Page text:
CRESCENT CITY (AP) - The district attorney of a remote Northern California county is facing possible disbarment after officials said he violated rules of professional conduct, including that he took a loan from a defense attorney working on a case he later dismissed.
Del Norte County District Attorney Jon Alexander was a recovering methamphetamine addict when he was elected to office in 2010 after running a campaign with the slogan "death to meth."
His story of recovery and second chances appealed to voters in the small, rural area known for its salmon fishing and methamphetamine problems.
But now Alexander is being investigated for giving money to a public official and failing to recuse himself from a case in which he had a conflict of interest, he said on Tuesday. He's also being investigated for speaking directly with a defendant without her attorney present.
Alexander denied the charges in a statement, and accused the state bar of conspiring to kick him out of office because they do not like him.
"The bar association's prosecutors hold the cards. But their charges don't hold water in this county or within any notion of justice. They do not expect a lone attorney, let alone an elected official, to go to war with them," he said.
"But you elected me, and I won't quit until you tell me to. So I guess I'm going to war," he said.
The state bar believes Alexander committed the violations since being given this second chance by voters, according to a summary of the investigation provided to The Associated Press by Alexander.
A State Bar spokeswoman declined to comment on an open investigation Tuesday.
In one instance, Alexander is accused of corruption for dismissing a case handled by a defense attorney who had loaned the prosecutor $6,000. Alexander used the money to help pay for hair transplants, according to the Sacramento Bee.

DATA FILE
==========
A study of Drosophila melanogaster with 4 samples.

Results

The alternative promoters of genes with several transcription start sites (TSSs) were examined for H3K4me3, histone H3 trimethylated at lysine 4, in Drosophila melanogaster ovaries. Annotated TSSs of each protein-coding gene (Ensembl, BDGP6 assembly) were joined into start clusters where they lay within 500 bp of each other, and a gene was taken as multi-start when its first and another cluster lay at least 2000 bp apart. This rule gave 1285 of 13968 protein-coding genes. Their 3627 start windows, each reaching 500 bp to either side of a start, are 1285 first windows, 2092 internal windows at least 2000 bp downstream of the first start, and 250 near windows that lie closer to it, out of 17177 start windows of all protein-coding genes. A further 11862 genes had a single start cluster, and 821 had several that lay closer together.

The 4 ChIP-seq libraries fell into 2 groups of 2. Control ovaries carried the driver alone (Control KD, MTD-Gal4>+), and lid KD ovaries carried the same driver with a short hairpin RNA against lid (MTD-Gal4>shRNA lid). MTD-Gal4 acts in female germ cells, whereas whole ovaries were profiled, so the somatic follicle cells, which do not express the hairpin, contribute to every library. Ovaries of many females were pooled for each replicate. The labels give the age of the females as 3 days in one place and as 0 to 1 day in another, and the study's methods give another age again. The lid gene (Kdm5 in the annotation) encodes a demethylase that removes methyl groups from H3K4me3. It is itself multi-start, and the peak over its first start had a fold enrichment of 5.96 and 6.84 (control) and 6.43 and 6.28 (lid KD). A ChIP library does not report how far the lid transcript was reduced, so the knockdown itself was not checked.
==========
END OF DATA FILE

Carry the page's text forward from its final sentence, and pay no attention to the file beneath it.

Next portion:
Under state rules of ethical conduct for attorneys, Alexander should have recused himself from the case because of his previous relationship with the defense attorney, George Mavris.
Alexander does not deny taking the money, and said he repaid the loan "within five days." He said he gave no special treatment to Mavris in court because of the loan.
He said the case was destined to be dismissed, even without his involvement
"As the deputy assigned to the case, the trial judge and I all concluded, the case should have been dismissed and I would do so again," he said.
Alexander is also accused of loaning the county's chief probation officer $14,000, which would violate the state's rules of professional conduct. Alexander admitted he loaned the money, saying the probation officer and her husband needed help to "stave off foreclosure."
And in the third case, Alexander is accused of talking directly with a criminal defendant about the case, even though he knew she had an attorney.
Alexander said the defendant appeared at his office unannounced, wearing "an undisclosed wire," and spontaneously started speaking about the case.
The current investigation is just the latest in a long line of trouble for Alexander with the state bar.
Alexander has been suspended from practicing law twice as a disciplinary action, and another three times for failing to pay his bar member fees, according to state records.
He is currently on 3-years' probation under the bar's Alternative Discipline Program, which allows him to continue practicing dependent upon him staying sober.